A failure to grasp the relationship between the new covenant and prior covenants diminishes how the entire biblical storyline coheres and finds its culmination in Christ. Finally, a failure to misperceive that the new covenant has been already inaugurated through Christ is to obscure Christ’s work as the Last Adam, the definitive offspring of Abraham, the true and faithful Israelite, and the final son of David. Put simply, a proper appraisal of Christ’s work in inaugurating the new covenant magnifies the glory of Christ and the glory of God’s grace toward us in him.
This essay will seek to address the following three questions: How does the new covenant differ from the old covenant? How does the new covenant relate to God’s prior covenants with his people? Finally, in what sense did Christ fulfill the new covenant? These questions, while challenging for readers of Scripture, are necessary for us to have a right grasp of the Bible’s storyline, a right appreciation for Christ’s work on our behalf, and a right foundation for the church and the Christian life.
The New Covenant Transcends the Old Covenant
The descriptor “new” sets the new covenant in redemptive-historical contrast with the “old” covenant. The new covenant is new not merely in time but also in quality. As Hebrews 8 poignantly says it, the new covenant is qualitatively better than the old because it is founded on “better promises” (Heb 8:6). These promises are aptly summarized by Jeremiah 31:33–34, “I will put my law within them, and I will write it on their hearts. And I will be their God, and they shall be my people. And no longer shall each one teach his neighbor and each his brother, saying, ‘Know the LORD,’ for they shall all know me, from the least of them to the greatest, declares the LORD. For I will forgive their iniquity, and I will remember their sin no more.” We can summarize these promises as the internalization of the law, an inviolable covenant relationship between God and his people, a community-wide knowledge of God, and the final forgiveness of sins. Each of these promises contrasts with Israel’s experience under the old covenant and evinces at least four ways in which the new covenant transcends the old.
First, under the old covenant God did not internalize the law within his people. God gave the law on tablets of stone, but he did not transform the hearts of Israelites such that they would receive the law and desire to obey it (see 2 Cor. 3:3). Put another way, old covenant Israel was circumcised outwardly but not inwardly. In contrast with Israel’s experience, the new covenant promise to internalize the law means that God would circumcise the hearts of the covenant members (Deut. 30:6) and put within them his Spirit so that they would desire to obey God’s commands from the heart (Ezek. 36:26–27).
Second, the old covenant did not provide a lasting covenant relationship between God and his people. Immediately after God ratified the Sinai covenant with Israel, Israel broke the covenant by worshiping the golden calf. The new covenant’s promise of a relationship that is “not like the [Sinai] covenant . . . that they broke” (Jer 31:32) strongly suggests that the new covenant relationship forged between God and his people will never be broken. Accordingly, at times the biblical authors will depict the new covenant as a “covenant of peace” or an “everlasting covenant” (Isa 55:3; Ezek 34:25; 37:26; cf. Heb 13:20).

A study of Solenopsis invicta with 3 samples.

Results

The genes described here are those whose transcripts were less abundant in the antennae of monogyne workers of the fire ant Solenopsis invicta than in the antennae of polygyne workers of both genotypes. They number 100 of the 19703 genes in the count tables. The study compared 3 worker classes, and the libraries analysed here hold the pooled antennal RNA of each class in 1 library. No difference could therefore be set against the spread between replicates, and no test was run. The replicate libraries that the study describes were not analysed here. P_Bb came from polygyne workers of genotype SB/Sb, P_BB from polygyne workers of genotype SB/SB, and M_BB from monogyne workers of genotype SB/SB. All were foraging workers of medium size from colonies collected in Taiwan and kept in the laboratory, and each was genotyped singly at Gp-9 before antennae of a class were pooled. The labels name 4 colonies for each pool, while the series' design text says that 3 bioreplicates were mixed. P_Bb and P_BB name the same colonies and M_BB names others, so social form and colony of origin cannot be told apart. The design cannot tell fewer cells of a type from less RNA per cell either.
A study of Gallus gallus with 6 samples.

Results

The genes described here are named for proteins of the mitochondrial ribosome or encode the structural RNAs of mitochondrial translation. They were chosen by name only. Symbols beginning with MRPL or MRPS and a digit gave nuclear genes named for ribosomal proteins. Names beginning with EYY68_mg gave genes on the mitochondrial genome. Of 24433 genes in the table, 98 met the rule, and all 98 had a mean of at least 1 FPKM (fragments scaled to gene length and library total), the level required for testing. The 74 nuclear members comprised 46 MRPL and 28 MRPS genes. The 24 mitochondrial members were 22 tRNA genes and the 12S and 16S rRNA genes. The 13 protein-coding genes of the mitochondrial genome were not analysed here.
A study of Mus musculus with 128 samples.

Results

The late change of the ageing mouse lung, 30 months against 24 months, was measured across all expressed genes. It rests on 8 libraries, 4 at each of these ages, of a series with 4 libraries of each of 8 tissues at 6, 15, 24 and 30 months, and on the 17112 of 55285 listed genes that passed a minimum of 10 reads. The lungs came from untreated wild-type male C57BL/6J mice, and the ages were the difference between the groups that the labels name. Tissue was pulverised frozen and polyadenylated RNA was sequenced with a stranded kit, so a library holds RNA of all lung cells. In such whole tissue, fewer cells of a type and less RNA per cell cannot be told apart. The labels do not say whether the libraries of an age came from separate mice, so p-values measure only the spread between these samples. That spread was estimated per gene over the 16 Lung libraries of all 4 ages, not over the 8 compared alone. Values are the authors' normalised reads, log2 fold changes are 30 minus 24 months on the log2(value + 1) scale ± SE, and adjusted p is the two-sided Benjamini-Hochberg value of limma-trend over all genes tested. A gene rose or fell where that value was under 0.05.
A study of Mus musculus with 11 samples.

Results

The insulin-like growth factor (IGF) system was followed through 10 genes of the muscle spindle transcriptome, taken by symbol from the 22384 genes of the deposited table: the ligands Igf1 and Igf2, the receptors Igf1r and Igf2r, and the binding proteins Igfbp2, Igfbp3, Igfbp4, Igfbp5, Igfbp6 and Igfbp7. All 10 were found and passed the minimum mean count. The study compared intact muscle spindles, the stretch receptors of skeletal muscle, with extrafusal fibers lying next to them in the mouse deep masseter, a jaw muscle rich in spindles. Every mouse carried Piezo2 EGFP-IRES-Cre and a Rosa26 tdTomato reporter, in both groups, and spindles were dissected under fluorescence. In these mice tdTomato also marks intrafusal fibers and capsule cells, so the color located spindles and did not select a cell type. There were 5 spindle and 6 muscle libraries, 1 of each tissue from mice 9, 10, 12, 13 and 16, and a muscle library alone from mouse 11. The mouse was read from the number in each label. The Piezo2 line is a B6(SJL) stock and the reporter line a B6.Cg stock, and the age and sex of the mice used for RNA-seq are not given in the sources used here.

Third, the old covenant community was mixed in that only some of the covenant members possessed saving faith, whereas the majority were characterized by unbelief. Shot through the Old Testament is the notion of a faithful remnant within the broader covenant community. This remnant was often keenly felt to be minuscule (e.g., 1 Kgs. 19:10; Jer. 6:13). The new covenant’s promise is that the entire covenant community would “know the Lord” savingly, even “from the least of them to the greatest” (Jer 31:34). This portrays a vastly different experience for the covenant community, not only in their relationship to God but also to one another.
Finally, through the sacrificial system, the old covenant provided forgiveness of sins for Israel (e.g., Lev. 4:26; 4:31; 5:10). At the same time, such forgiveness was only temporary and provisional, since Israel needed to offer animal sacrifices for their sins repeatedly. Even more, as Hebrews 10 notes, animal sacrifices cannot actually provide forgiveness of sins, but only served as a constant reminder for Israel of their need for forgiveness (Heb. 10:3–4). Embedded within the old covenant, therefore, was a system impotent to deal definitively with sin in the covenant community. Set in contrast to this system is the new covenant promise of final and definitive forgiveness, such that God would “remember their sin no more” (Jer. 31:34), thus abrogating the necessity of repeated sacrifices for sin (Heb. 10:18).
The New Covenant Fulfills All God’s Covenant Promises
A right understanding of the new covenant takes into consideration not only how it is set in contrast with the old covenant but also how it fulfills all of God’s covenant promises throughout redemptive history, including the covenant at creation and the covenants with Abraham, Israel, and David.
At creation God gave Adam and Eve life and joy in the Garden of Eden, where God dwelt among them. They lost this paradise when they failed to trust and obey God’s word, which led to their eviction from the garden and the concomitant loss of life and joy in God’s presence. The new covenant relates to this loss by promising that through the new covenant the paradise lost would become paradise regained. Particularly, in the new covenant God promised to pour out his Spirit, recreating and giving life to a new sacred community whose beauty would match that of the Garden of Eden. Coinciding with Jeremiah’s new covenant promises is a depiction of the entire new and expanded Jerusalem as holy to the Lord (Jer. 31:38–40).